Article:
Stories from My Past: Having the hard discussion with roommate

There is a saying that life keeps gives you opportunities to learn the lesson until you learn it. That is certainly been true in my life.

Like anyone, having a hard discussion is something that I want to avoid. Talking to someone about something that they could improve is rarely appreciated, and I’ve found that unsolicited advice is poorly received. So 99% I am quiet when I think I know something that might improve the quality of someones life. I have learned that people only change when they are ready, and when they want help they will ask for it. Until then its best to be quiet.

However when you live with a roommate, it is a special relationship. It’s not quite a friendship, although it can be and was in this case, and as you will soon see I had to speak up for everyone’s sake.

I had several roommates in college through the years, and one was low on social skills. I am not a social master myself, but I could see where his awkwardness was causing people to stay away from him. During the year at some point he said he wanted to be an Resident Assistant and was chosen to be one the next year. At that point I knew I had to speak up.

All year I had watched him awkwardly pushing himself onto people. Here is one example. A guy was fixing his bike in front of the dorm. My roommate offered to help and he said no he had it under control. Then he said he had some tools if he needed them. Again the kid said no. Then he said that he is free if it gets too complicated or something like that. The kid rolled his eyes at me signaling to me that once again my roommate was being too friendly.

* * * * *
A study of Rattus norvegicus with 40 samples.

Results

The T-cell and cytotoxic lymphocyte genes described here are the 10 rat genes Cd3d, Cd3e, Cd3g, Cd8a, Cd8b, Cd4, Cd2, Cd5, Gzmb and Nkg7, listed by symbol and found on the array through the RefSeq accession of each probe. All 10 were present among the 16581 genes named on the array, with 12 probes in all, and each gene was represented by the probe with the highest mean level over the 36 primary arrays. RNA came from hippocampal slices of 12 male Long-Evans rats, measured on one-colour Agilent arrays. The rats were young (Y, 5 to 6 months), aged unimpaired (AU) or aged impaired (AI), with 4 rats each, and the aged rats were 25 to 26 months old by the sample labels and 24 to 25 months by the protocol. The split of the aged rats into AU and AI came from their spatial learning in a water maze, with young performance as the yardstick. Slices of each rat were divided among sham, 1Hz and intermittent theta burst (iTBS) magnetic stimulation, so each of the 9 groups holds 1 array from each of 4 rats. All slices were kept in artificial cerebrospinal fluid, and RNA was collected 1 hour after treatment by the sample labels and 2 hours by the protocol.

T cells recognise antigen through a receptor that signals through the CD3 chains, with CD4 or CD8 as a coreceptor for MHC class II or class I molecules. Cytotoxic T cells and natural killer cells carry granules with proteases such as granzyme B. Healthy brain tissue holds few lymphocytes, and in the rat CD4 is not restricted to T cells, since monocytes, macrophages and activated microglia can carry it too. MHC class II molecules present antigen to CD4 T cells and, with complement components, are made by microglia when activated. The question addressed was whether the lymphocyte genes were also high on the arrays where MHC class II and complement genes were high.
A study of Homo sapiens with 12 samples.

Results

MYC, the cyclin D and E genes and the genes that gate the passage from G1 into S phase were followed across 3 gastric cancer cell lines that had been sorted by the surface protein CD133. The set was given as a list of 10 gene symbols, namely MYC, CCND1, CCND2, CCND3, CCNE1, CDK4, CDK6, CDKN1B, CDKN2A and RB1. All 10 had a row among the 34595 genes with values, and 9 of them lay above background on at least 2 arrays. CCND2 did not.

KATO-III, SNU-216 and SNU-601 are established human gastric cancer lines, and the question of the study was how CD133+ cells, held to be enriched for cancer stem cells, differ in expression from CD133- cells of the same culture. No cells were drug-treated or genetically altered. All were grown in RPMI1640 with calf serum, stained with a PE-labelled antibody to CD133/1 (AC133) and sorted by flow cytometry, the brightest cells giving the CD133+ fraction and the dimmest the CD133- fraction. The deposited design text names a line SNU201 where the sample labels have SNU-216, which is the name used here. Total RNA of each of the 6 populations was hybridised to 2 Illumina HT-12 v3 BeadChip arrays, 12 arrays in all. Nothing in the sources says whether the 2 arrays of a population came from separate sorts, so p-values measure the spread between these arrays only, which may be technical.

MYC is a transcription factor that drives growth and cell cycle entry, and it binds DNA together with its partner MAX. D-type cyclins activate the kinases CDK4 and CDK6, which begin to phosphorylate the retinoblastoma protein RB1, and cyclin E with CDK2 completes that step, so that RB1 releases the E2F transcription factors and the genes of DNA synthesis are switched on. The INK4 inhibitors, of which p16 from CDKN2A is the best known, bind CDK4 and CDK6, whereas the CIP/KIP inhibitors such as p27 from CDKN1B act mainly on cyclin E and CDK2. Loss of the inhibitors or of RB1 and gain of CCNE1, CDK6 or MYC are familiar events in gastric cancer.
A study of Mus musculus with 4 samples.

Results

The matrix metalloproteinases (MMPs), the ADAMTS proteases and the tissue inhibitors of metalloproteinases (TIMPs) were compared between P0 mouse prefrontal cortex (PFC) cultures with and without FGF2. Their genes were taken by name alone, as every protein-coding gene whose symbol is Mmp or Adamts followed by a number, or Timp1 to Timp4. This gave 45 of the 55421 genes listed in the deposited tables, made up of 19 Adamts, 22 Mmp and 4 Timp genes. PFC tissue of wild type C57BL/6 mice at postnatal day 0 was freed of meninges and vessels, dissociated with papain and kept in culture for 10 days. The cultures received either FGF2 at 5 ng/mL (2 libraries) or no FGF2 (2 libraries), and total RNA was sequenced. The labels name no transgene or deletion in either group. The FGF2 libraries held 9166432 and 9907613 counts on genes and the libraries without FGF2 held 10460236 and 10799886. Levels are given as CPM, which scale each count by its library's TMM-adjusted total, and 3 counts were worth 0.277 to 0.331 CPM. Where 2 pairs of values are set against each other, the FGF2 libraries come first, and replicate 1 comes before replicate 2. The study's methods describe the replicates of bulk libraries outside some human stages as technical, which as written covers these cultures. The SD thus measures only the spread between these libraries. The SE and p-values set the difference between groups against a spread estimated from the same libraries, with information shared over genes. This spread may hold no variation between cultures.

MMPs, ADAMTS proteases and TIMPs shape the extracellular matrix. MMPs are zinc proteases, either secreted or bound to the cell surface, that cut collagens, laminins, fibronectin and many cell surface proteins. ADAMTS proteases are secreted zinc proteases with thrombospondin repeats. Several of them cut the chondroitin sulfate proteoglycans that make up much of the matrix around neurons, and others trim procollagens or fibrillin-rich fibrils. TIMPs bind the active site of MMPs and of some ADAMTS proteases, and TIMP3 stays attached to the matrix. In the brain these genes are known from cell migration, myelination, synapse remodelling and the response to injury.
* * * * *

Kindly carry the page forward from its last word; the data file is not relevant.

When we got back to our room I spoke with him and asked if it would be ok to give him some feedback on how he relates to people. I have found that when you are going to give someone feedback asking them for permission lets them prepare for it. Anyway, I said as gently as I could that what he is doing is pushing people away and explained how in the recent experience that other kid felt pressure and that isn’t the way to make friends. He thought about it and thanked me, and his behavior changed after that point.

Did I do this for my benefit? Yes, partly because I didn’t like to see him and others suffer. Mostly however it was because he was an only child, and I have noticed that many only children don’t have good social skills. If you care about someone ask them if they want you to be honest, and then give them feedback as positively as possible. You will see the difference and they will appreciate your candor.